Two minutes' silence to honour Heysel deaths

Image caption,
Thirty-nine fans died when trouble flared before the match

The people of Liverpool can relate to the suffering caused by the Heysel disaster, the city's lord mayor said.

Hazel Williams drew the comparison with Hillsborough during a town hall service ahead of the 25th anniversary of the tragedy on 29 May, 1985.

Thirty-nine people died when fans were crushed against a wall that then collapsed after a riot before the European Cup Final between Liverpool and Juventus in Brussels.

Two minutes' silence was observed after the service at the town hall.

Addressing about 30 people gathered inside, including representatives from Italy, Mrs Williams said: "We as a city know more than most about football-related tragedy and the scale of human suffering.

"Regardless of how much time passes, we will never forget those people who didn't return to their families.

"As a city we will do everything possible to offer you our apologies and support."

After the silence the town hall bells were run 39 times - a gesture which will be repeated at 1900 BST on Saturday, the anniversary day.

The Consul for Italy, Nunzia Bertali, said: "I want to say how much I appreciate your gesture of wanting to commemorate the victims of such a horrible tragedy.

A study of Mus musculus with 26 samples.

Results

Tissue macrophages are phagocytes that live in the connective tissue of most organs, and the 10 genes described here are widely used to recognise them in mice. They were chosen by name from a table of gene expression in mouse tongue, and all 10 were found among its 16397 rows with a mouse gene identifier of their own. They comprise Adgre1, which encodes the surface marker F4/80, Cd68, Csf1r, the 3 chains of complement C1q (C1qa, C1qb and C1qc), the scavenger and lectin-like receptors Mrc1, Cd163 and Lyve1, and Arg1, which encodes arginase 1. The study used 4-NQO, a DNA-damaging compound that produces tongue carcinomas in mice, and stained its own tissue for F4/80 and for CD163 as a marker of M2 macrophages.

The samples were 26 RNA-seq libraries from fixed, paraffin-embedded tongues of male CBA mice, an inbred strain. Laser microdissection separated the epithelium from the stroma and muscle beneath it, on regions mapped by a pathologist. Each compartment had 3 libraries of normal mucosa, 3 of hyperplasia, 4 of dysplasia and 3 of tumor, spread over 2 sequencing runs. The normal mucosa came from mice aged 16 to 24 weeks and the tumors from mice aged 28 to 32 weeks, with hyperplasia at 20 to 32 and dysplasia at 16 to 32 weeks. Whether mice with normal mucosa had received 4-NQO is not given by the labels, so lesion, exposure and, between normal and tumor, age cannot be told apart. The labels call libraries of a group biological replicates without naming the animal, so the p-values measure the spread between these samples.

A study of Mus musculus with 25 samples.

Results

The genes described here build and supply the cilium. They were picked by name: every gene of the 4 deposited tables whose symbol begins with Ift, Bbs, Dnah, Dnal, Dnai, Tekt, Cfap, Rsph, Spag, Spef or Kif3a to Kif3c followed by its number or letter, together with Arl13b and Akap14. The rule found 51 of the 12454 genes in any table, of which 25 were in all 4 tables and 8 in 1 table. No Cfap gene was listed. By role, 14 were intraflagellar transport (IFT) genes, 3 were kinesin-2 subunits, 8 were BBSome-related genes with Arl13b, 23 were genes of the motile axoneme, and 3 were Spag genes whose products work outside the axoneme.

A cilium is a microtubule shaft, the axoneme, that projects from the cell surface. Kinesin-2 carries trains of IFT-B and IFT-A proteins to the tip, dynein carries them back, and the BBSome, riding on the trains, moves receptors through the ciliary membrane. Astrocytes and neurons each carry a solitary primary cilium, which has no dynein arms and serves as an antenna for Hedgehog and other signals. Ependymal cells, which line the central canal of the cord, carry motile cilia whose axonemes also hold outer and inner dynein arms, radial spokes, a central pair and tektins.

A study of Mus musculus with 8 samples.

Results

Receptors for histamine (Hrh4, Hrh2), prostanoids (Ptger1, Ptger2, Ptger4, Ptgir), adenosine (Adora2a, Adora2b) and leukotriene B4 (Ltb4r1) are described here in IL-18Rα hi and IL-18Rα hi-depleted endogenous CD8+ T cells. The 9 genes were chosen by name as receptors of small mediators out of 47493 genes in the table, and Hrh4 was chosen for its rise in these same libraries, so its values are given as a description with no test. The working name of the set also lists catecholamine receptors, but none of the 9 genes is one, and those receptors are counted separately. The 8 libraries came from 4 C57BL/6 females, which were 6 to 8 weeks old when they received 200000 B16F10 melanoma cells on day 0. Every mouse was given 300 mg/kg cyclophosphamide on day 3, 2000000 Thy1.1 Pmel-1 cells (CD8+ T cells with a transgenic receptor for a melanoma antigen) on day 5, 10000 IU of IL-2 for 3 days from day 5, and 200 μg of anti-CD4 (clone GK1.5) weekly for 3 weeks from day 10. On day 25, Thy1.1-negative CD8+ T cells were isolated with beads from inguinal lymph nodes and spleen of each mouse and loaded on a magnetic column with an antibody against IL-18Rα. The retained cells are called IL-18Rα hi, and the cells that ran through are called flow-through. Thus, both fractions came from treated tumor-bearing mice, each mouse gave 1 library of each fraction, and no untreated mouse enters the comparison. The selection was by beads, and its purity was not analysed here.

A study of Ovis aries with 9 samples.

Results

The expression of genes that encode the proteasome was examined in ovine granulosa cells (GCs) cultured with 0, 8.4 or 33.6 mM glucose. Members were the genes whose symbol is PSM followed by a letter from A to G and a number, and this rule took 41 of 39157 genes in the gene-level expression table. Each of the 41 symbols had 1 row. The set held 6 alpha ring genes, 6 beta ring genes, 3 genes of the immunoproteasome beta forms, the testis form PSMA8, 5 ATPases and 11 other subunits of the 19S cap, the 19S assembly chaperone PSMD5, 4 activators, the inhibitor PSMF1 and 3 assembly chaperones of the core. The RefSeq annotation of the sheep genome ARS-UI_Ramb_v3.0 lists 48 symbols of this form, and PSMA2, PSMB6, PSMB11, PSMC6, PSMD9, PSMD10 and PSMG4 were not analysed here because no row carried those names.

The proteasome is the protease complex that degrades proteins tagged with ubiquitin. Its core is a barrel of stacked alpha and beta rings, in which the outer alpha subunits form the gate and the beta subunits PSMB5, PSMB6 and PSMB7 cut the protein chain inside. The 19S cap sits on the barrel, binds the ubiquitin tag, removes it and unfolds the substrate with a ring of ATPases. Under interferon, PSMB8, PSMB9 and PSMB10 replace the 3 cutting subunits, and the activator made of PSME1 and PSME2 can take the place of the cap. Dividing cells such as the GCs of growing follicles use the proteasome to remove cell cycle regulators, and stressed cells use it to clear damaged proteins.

"Given the circumstances it would have been much easier to forget than to remember."

Image source, Other
Image caption,
A plaque was unveiled at Anfield on Wednesday

Mrs Bertali and Ms Williams joined hands as the bells rang out and the Rector of Liverpool, Steven Brookes, then led a prayer.

The silence was one of several events being held in the run up to the event's 25th anniversary on Saturday.

A plaque was unveiled at Anfield on Wednesday in a ceremony attended by former Liverpool captain Phil Neal and former Juventus centre back Sergio Brio, who played in the final.

A white beam tree was also planted in St John's Gardens, behind St George's Hall, by Council Leader Joe Anderson.

The Heysel disaster led to all English clubs being banned from European football for five years with Liverpool serving an extra year.

In 1989, after a five-month trial in Belgium, 14 Liverpool fans were given three-year sentences for involuntary manslaughter.

Those who died included 32 Italians, four Belgians, two French and a man from Northern Ireland.

A further 600 fans were injured that night.